A case study in optimizing vehicle utilization
By Mark Boada, Executive Editor
One of the issues uncovered in last year’s benchmark study by the National Conference of State Fleet Administrators was that many of them were uncertain as to how efficiently they were using their vehicles. And, as a webinar sponsored by the NAFA Fleet Management Association last month hinted, the problem is that it can be hard for government fleets to monitor and measure vehicle use, especially when they are highly decentralized.
The subject of the webinar was the fleet owned by the City of Stamford, Connecticut, a booming suburb of 130,000 people about an hour’s drive from New York City. Seven years ago, the fleet consisted of slightly more than 1,100 vehicles, of which 80 were sedans, all operated as the exclusive assets of more than 45 different city departments and agencies.
Today, the sedan fleet has been trimmed to 21 vehicles, all centrally managed as a pooled fleet, and happily shared by all the same users. Michael Albanese, Stamfords’ manager of support applications, who represented the city in the webinar, estimates that by eliminating 59 vehicles, the fleet realized nearly $200,000 in remarketing revenue and is saving some $230,000 a year in maintenance costs and depreciation.
Many vehicles were gathering dust
Albanese shared the webinar microphone with Ed Smith, CEO of Agile Fleet, the fleet software management company that was a key player in Stamford’s sedan fleet transformation.
What got the transformation started, Smith said, was what Mike Scacco, the now-retired city fleet manager, saw when he looked out his office window at the sedan parking lot at the city’s multi-story general services building. “What he saw, day in and day out, was 30 to 40 vehicles sitting idle,” Smith said. “Mike said, ‘It’s all about utilization. Idle assets cost money,’ and he knew he had to do something about it.”
The problem, Albanse noted, was that Scacco had very little data to go on. “The vehicles were assigned to and managed by each of the departments, and Mike didn’t have any insight into how those assets were being used, when preventive maintenance was due, and when they needed to be cleaned or a scratch or bump showed up.”
Smith said what Scacco did have were refueling records, and from that he estimated that 49 vehicles could be taken out of service if the fleet was centrally managed and all the departments shared their use. First, though, he had to get city officials to rewrite fleet policy to merge the many subfleets into one grand pool.
“A majority of the groups that contact us to focus on utilization have a very similar challenge,” said Smith. “They have these little departments with invisible walls between them. They say,’ I paid for these vehicles, so they’re mine and only I get to use them.’ And that’s a worst-case scenario for optimal utilization, because one day one sub-fleet may run out of vehicles and the department right next to them may have plenty sitting idle.”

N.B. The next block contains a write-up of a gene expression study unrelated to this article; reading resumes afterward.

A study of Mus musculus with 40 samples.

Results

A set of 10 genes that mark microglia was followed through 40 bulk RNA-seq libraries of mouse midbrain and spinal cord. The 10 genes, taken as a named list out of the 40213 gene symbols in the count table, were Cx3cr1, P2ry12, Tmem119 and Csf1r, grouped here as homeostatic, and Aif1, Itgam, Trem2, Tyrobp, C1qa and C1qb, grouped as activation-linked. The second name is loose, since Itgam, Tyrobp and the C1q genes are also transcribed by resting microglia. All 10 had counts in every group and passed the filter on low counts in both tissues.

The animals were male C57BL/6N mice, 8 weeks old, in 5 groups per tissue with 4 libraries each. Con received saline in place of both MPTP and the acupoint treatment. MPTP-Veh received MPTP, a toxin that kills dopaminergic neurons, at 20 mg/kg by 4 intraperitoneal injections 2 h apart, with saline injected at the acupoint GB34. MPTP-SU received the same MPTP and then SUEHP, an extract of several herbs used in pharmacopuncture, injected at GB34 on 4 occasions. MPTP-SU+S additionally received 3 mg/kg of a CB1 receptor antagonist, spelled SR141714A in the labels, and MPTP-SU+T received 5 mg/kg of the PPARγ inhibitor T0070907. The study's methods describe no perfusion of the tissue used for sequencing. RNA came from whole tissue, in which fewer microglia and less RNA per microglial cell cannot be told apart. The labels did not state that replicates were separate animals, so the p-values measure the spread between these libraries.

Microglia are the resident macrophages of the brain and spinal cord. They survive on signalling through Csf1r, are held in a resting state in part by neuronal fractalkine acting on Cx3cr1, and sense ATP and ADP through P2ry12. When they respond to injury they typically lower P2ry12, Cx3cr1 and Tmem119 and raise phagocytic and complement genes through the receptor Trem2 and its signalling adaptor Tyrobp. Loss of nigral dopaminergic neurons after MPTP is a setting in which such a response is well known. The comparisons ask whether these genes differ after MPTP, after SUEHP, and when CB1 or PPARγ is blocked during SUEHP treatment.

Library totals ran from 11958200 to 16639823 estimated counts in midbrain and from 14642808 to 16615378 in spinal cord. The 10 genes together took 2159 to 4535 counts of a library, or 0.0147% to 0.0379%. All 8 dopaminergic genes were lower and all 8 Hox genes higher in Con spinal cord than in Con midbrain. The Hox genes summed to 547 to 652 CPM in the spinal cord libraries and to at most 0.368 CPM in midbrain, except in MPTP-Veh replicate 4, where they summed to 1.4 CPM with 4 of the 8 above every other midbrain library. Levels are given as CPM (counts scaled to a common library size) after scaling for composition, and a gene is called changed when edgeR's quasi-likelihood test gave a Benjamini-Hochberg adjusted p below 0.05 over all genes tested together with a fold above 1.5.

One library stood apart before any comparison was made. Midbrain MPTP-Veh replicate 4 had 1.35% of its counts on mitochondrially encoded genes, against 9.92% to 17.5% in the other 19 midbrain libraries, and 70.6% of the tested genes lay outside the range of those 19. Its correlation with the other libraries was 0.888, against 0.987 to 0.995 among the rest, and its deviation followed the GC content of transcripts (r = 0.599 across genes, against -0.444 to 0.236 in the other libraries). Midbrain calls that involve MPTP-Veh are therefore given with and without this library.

Albanese said that description applied perfectly to Stamford’s sedan fleet, to the extent that several claimed they needed more vehicles.
Utilization figure soared
Once Scacco secured approval to pool the fleet, he did two things. First, he took 49 of the sedans out of service, but held them in reserve in case he overestimated the number. Next, he contracted Agile to install its FleetCommander system, a web-based motor pool management platform that supports computerized reservations and collects a host of additional vehicle information.
Over time, Scacco discovered that in addition to the first 49 vehicles, another 10 could be removed from the fleet. Smith said that in addition to producing substantial savings, the actions raised the fleet’s utilization rate to more than 60 percent, with no complaints from the city’s users.
Take-aways for fleets
Ultimately, Smith said fleets need the right technology in place to measure and improve utilization. But, he added, that can put fleets into a “chicken and egg” dilemma: “You need the technology to support the metrics, and those metrics are needed to show that you need the technology.”
Smith offered the following take-aways for government and university fleets that want to get a better handle on their vehicle utilization:
- Use any available data to infer utilization, like GPS or fuel data.
- Lacking robust data, use informal methods to determine how many days between trips a vehicle is used, like regular and recorded observations of the parking lots, trip reports, how long snow remains on a car, how long a car is parked in the same spot, even by going so far as to placing pennies on tires and checking for when they’ve fallen to the ground.
- Estimate how many vehicles can be removed from the fleet and the savings that can be achieved.
- Work closely with the organization’s top operations manager to define the project.
- Secure the organization’s top policy-makers buy-in and support.
- Change fleet policy to merge sub-fleets into one pooled and centrally managed fleet.
- Analyze whether it’s more cost-effective for the organization to build or buy the necessary technology.
- If the decision is to buy the technology, explore whether you have access to a cooperative buying organization.
If you’re one of those fleets that isn’t sure how efficiently your vehicles are being utilized, take heart. Referring to Stamford, Smith said his company has “been involved in more than 100 similar successes, with organizations of all different shapes and sizes, and I think you will find that there are a lot of the same ingredients relative to the challenges, to what it takes to get moving, and the key ingredients to success.”